Iraqi Christian burned alive by ISIS three times miraculously survives, sees Jesus in vision

An Iraqi Christian shares his story of being imprisoned by ISIS, in which they tried to burn him alive three times but his body didn't burn. | YouTube/Screengrab

An Iraqi Christian experienced a series of miracles while persecuted for his faith at the hands of Islamic extremists, including an encounter with Jesus and surviving terrorists’ attempts to burn him alive — three times.

The Yazidi man was interviewed for a documentary, "Heart and Hands: Iraq," by Sean Feucht, head of the non-profit Light A Candle Project, and Bethel Music. In it, Feucht travels the world to hear the stories of those persecuted for their faith.

In a preview of the documentary aired at the Heaven Come conference in LA, the Yazidi man reveals there was “pressure” from ISIS to convert to Islam. But amid persecution, Jesus appeared to him in a dream.

“Thanks be to God for that,” he said. “He spoke to me…[but] I cannot tell you what He said. It’s a promise between me and Christ.”

“I asked Jesus one thing,” he continued. “And He answered me.”

Later in the interview, the man revealed that once ISIS found out he was a follower of Christ, they began stoning him.

“They were hitting me with big rocks on my body,” he recalled. “The stones were fine, not affecting me.”

The man said that after stoning him, ISIS members drenched him in 20 gallons of gasoline. But even though he was burned alive a total of three times, he said he somehow survived unharmed.

"And they burned me, but I didn't burn," he said, crediting Jesus for his miraculous survival.

The Yazidi man was one of many Christians interviewed by Feucht, who said he believes he is “called to the most persecuted, closed, dark, marginalized places,” Fox News reports.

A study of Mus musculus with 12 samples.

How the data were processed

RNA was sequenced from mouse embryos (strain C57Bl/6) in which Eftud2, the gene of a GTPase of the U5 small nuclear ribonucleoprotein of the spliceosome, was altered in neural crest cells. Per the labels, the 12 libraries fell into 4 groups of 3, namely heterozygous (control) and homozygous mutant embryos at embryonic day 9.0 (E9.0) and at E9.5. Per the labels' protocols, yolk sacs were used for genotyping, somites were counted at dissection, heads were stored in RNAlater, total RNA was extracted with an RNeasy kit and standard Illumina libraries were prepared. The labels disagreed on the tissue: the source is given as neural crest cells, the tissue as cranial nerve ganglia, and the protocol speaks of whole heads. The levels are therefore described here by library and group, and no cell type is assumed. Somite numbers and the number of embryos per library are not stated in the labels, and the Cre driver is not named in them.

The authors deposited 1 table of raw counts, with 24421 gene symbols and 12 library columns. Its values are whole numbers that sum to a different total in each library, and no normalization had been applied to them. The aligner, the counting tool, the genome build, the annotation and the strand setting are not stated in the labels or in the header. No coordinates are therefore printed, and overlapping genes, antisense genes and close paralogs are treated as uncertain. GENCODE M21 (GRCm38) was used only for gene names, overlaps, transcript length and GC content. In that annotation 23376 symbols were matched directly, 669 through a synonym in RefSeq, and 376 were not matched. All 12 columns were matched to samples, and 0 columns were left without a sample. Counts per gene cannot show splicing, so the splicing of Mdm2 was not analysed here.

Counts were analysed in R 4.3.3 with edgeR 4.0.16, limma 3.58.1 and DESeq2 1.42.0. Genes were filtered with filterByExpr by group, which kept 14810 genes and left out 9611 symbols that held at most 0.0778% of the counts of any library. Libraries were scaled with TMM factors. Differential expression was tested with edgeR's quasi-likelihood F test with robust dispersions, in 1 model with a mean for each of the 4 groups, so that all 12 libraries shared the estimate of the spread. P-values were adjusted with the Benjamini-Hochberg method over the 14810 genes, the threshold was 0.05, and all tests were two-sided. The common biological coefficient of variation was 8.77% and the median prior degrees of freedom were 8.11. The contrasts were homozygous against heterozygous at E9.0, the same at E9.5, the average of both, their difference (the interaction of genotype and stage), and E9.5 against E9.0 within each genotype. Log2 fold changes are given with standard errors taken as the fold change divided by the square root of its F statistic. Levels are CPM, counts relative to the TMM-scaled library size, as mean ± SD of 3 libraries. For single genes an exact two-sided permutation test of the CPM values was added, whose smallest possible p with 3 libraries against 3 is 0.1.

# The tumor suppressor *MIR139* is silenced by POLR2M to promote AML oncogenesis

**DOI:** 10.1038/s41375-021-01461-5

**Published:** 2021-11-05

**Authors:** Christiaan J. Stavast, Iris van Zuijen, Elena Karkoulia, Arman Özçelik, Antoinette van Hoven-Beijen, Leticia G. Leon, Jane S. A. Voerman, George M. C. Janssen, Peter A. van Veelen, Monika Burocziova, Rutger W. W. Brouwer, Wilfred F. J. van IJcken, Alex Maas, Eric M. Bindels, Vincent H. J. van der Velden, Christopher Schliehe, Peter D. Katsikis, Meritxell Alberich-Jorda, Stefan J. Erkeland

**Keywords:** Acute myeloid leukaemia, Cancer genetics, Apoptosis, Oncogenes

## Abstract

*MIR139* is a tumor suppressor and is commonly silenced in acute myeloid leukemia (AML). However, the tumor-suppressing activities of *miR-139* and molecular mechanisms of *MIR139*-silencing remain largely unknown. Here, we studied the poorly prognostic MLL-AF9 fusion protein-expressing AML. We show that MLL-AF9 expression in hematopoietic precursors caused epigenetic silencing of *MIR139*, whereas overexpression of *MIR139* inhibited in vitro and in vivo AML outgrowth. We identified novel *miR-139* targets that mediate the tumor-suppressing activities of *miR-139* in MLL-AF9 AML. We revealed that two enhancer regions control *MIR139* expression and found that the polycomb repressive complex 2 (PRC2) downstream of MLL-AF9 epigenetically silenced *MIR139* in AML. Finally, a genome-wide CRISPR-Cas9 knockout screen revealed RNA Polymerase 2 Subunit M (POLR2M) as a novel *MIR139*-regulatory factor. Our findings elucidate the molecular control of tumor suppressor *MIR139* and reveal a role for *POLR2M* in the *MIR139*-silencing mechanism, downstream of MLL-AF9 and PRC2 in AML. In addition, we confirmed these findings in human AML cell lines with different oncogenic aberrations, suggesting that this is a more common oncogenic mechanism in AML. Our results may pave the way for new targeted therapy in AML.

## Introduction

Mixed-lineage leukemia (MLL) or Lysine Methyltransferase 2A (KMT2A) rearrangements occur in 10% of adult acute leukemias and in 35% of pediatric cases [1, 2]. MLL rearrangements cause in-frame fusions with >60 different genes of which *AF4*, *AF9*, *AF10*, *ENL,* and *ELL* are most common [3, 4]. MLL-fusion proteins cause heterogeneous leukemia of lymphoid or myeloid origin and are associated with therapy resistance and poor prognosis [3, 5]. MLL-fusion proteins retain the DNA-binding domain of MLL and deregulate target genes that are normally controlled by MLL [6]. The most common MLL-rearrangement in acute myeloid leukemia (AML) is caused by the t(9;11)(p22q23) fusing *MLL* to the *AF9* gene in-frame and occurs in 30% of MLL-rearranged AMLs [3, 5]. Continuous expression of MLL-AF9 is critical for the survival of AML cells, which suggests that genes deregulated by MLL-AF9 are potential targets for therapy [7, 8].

Feucht said he is encouraged by the growth of the church in Iraq, China, and India — three countries where it’s most difficult to be a Christian, according to persecution watchdog Open Doors USA.

"Our team’s in Iraq right now, and the U.S. State Department just sent out this notification that said ‘All US personnel leave Iraq’ and all the NGOs left but our guys are still there. We were there through ISIS. We’ve been there through the worst of the worst," Feucht said. "Everyone thought we were crazy. Right as everyone was leaving, we came in, and because of it, we have a thriving, flourishing project there."

Feucht said that so far, his group has raised over $100,000 to distribute food, blankets, mattresses, and other materials, as well as offering trauma therapy counseling and kids programs, teaching music, and praying with persecuted Christians in the region.

“We want to re-define missions for a generation to where we’re actually the first ones to respond," Feucht said. "That’s the essence of the gospel to go into places where no one else is willing to go.”

Today, less than 200,000 Christians remain in Iraq when there were over 1.4 million Christians in Iraq in 2002 and 500,000 Christians in Iraq in 2013.

The genocide also impacted Iraq’s Yazidi minority. An estimated 60,000 Yazidis fled to Europe while there are still about 550,000 Yazidis still in Iraq with 280,000 of them remaining displaced.

In October, the U.S. Agency for International Development announced it would partner with the nation's leading Catholic fraternal organization, Knights of Columbus, to bring support to persecuted communities in Iraq.

Joseph Cullen, the spokesperson for the Knights of Columbus, told The Christian Post that the organization has so far committed more than $25 million in support of persecuted Christians and those in their care in the Middle East. This, he said, has provided food, clothing, shelter, education, medical care, building or rebuilding of homes and other services.

But unless Christians in the United States and elsewhere continue to support those persecuted or suffering from the effects of persecution, these communities “could literally cease to exist,” he warned.

“Likewise, U.S. government support for those communities targeted for genocide in the Middle East — including Christians — remains crucial, both in terms of projects that benefit these communities, and in terms of support for their security, which has been imperiled most recently by militia groups in northern Iraq,” he said.